New polling by the Economist/YouGov finds that even after Donald Trump gave a speech to union workers in Detroit rather than participating in the second presidential debate, Americans are more likely to believe that Joe Biden sides with the United Auto Workers (UAW) in the union's strike than that Trump does (48% vs. 22%). This is especially true for Democrats — 62% say Biden sides more with the striking auto workers while 11% say Trump does — and also the case among Independents (43% vs. 19%). Republicans are equally likely to say Biden (39%) and Trump (40%) side more with UAW than with auto manufacturers.
More Americans say the Democratic Party (46%) is the political party more likely to side with the UAW than say it is the Republican Party (14%); 13% say the parties are equally likely to side with the union.
Americans continue to be more likely to side with both the striking auto workers and striking actors than with the companies they're opposing in the labor actions. Republicans — who hold less positive views than Democrats and Independents about unions in general — side more with the actors' union, SAG-AFTRA, than with studios and streaming services.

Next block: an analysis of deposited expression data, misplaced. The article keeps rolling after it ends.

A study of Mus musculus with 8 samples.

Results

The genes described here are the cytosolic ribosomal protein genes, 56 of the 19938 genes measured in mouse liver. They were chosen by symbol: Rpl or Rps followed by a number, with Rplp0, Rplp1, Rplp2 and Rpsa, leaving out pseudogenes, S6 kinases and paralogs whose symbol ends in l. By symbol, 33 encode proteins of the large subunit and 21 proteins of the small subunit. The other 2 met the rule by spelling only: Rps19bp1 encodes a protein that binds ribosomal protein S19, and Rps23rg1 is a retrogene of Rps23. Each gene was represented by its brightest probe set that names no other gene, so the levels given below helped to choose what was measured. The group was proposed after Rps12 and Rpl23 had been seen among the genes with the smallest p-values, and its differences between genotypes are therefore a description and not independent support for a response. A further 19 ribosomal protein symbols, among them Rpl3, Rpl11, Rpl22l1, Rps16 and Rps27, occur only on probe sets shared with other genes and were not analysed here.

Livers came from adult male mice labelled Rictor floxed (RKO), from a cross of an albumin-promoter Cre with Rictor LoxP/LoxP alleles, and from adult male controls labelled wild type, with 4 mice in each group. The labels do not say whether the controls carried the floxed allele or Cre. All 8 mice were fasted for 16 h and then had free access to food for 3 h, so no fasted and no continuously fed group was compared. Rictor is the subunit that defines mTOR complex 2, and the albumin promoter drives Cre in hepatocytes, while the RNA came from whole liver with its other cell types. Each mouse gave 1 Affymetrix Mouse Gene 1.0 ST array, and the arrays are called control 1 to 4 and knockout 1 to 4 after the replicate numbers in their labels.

— Carl Bialik contributed to this article
Methodology: Respondents were selected from YouGov’s opt-in panel using sample matching. A random sample (stratified by gender, age, race, education, geographic region, and voter registration) was selected from the 2019 American Community Survey. The sample was weighted according to gender, age, race, education, 2020 election turnout and presidential vote, baseline party identification, and current voter registration status. Demographic weighting targets come from the 2019 American Community Survey. Baseline party identification is the respondent’s most recent answer given prior to November 1, 2022, and is weighted to the estimated distribution at that time (33% Democratic, 31% Republican). The margin of error for the overall sample is approximately 3%.